Name and type of organisation: WaterAid (registered charity no. 288701)
Fundraising method: Addressed mail and television advertising
Code themes examined: Supporter data, vulnerable people and complaint handling
Code breach? No
The complainant’s spouse contacted WaterAid (the charity) in December 2017 to ask it to stop contacting their relative, who was showing signs of memory loss. The charity did so. However, the complainant was concerned that the individual was able to set up a monthly Direct Debit donation to the charity in November 2019.
In December 2017 the charity told the complainant’s spouse that it had removed the individual’s details from its mailing list and would not contact them again. In November 2019 the individual contacted the charity to set up a regular donation after seeing its television advertisement. The telephone call was handled by the charity’s agency.
Shortly afterwards, the complainant found a letter from the charity which confirmed that a monthly Direct Debit donation had been set up. The complainant contacted the charity to complain. The complainant provided a copy of their Power of Attorney for the individual’s finances and said that the individual now had dementia.
The charity apologised and cancelled the Direct Debit. It said that the individual’s supporter record showed that they should not be contacted and it had added a note that if any further donations were made, this should be investigated. It also updated the individual’s record to reflect that the complainant had Power of Attorney.
At that time, the charity ran a fortnightly report to check if any supporters with this note had made donations so it could contact them to see if it was appropriate. This means that anyone identified as potentially vulnerable would immediately have their donation put on hold pending investigation, and no money is claimed. The charity said that the individual’s Direct Debit instruction would have appeared on the next report before any donations were taken. The charity now runs this report weekly. The charity said that, as a result of our investigation, it will be looking at implementing an automated solution that allows it to investigate these scenarios more quickly.
Although the complainant was identified as potentially vulnerable, the charity’s policy under General Data Protection Regulation (GDPR) is to only speak to the supporter about their regular gift. However, it recommends supporters speak to their family before setting up any donation. The charity said that if it is unable to contact the supporter, it automatically cancels the Direct Debit. The charity said that where it does know of a Power of Attorney, it contacts them. The charity said that in this case, even without the complaint, it would not have claimed the Direct Debit and no money would have left the individual’s bank account.
The charity said that due to GDPR the charity will only ever process the minimum possible personal data in order to achieve the purpose for which it is processing it. Therefore, it did not ask for any further information from the complainant’s spouse in 2017 because it already had the minimum information it required to cease contacting the individual. The charity said that due to vulnerability being categorised as sensitive data under GDPR it is unable to share its ‘not appropriate to contact’ flag indicating potential vulnerability with its agency.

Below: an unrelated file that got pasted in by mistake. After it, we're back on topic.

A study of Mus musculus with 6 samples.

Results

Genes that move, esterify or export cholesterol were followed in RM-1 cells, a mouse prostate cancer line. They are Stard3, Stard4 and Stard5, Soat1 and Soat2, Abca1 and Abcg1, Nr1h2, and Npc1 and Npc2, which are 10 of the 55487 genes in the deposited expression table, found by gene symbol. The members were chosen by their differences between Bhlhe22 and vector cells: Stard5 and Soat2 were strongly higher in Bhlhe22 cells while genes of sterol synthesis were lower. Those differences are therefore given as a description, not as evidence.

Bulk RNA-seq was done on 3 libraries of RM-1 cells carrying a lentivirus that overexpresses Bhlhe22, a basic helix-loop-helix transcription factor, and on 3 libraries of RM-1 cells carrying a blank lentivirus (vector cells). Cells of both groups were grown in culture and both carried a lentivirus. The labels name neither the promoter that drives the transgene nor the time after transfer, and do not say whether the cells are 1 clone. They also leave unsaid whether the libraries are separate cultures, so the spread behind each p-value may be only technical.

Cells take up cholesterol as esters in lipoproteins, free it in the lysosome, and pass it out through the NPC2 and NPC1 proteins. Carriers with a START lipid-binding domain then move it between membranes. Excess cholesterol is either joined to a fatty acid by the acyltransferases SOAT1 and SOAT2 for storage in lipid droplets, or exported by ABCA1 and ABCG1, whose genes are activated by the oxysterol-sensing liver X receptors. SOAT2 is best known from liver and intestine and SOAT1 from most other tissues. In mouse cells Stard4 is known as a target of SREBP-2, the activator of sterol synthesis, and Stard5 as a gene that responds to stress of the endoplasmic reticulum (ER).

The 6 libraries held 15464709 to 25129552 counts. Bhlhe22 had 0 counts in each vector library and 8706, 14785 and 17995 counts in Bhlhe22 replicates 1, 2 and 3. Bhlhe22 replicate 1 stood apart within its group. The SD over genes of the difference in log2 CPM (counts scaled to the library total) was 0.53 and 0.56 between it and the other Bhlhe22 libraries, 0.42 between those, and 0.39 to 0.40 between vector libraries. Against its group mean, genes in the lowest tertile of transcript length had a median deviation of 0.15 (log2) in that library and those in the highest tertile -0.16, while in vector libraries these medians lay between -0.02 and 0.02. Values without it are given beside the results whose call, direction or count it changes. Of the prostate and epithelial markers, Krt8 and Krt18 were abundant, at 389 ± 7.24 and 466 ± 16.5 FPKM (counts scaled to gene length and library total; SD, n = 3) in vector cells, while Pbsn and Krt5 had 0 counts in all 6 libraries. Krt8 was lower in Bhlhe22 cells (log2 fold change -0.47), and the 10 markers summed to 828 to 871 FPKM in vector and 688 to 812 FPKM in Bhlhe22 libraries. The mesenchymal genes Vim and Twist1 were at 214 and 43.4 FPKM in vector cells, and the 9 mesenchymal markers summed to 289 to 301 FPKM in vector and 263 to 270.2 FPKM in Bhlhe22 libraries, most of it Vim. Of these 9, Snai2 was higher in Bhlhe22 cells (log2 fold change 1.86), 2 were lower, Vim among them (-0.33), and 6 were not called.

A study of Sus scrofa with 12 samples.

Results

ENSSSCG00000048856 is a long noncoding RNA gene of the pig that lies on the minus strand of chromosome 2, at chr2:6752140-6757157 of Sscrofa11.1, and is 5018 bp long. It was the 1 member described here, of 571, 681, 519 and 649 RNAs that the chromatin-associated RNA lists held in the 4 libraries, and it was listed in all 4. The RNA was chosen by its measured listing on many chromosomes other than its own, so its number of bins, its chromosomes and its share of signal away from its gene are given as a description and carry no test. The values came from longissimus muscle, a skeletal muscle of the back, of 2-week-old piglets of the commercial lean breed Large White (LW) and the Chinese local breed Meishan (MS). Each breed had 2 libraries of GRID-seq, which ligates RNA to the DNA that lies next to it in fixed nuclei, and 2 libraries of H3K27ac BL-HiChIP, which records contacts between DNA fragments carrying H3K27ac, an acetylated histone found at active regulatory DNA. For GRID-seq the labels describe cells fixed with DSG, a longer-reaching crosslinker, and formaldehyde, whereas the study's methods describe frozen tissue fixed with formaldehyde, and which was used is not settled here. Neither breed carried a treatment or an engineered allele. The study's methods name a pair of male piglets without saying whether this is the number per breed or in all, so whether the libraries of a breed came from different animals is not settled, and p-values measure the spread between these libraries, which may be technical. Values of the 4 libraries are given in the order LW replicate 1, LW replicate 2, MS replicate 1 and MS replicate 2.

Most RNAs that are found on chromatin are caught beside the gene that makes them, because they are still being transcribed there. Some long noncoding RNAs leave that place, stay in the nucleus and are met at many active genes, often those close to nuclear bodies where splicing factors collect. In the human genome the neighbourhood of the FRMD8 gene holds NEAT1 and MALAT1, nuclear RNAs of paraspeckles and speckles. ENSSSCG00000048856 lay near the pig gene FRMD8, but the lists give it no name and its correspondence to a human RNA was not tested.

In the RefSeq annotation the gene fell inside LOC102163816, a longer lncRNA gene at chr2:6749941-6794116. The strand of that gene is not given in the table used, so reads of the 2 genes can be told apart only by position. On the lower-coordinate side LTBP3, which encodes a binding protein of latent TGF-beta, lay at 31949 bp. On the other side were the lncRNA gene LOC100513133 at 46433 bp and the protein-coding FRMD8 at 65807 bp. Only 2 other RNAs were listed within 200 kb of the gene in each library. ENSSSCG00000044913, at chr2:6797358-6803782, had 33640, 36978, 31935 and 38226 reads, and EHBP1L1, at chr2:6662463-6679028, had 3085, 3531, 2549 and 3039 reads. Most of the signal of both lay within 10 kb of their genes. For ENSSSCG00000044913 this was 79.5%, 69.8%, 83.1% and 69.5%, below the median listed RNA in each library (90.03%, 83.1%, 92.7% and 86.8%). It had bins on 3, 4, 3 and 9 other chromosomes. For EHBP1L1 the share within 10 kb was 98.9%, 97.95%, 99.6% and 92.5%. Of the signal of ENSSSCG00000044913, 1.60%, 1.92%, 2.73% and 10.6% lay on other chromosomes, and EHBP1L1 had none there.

The charity applied a ‘not appropriate to contact’ flag to the individual’s supporter record in December 2017 which stopped further direct marketing being sent. Therefore, we found that the charity had not breached the Code of Fundraising Practice (the code) regarding requests to stop direct marketing.
Having listened to a recording of the telephone call in which the individual set up a Direct Debit, we consider that they did not show any obvious signs of vulnerability. In addition, the member of staff at the agency who took the call did not have knowledge of the individual’s vulnerability. The agency therefore acted appropriately.
The charity explained why it did not pass information about the flag on the individual’s file to its agency, and why it judged it was unable to contact anyone other than the individual. We can see that the charity has a process that would have prompted it to investigate the donation and, as a result of our investigation, now completes its checks in such cases weekly. Despite the issuing of the Direct Debit letter, we note that no money would have left the individual’s bank account. We therefore found that the charity had not breached the code regarding not accepting donations from people in vulnerable circumstances.
It would have been more comprehensive for the charity to have explained in 2017 that, while it could commit to not sending any further direct marketing to the individual, it was possible that a scenario might arise in which it would be required to contact them. However, it was not unreasonable of the charity not to have anticipated that the individual would proactively contact it to make a donation. We received assurances that, although its Direct Debit letter may have suggested otherwise, no money would have left the individual’s bank account. We also received an explanation of why the charity did not ask for evidence of any Power of Attorney in 2017. We therefore found that the charity had not breached the complaint handling section of the code.
There are no actions for the charity.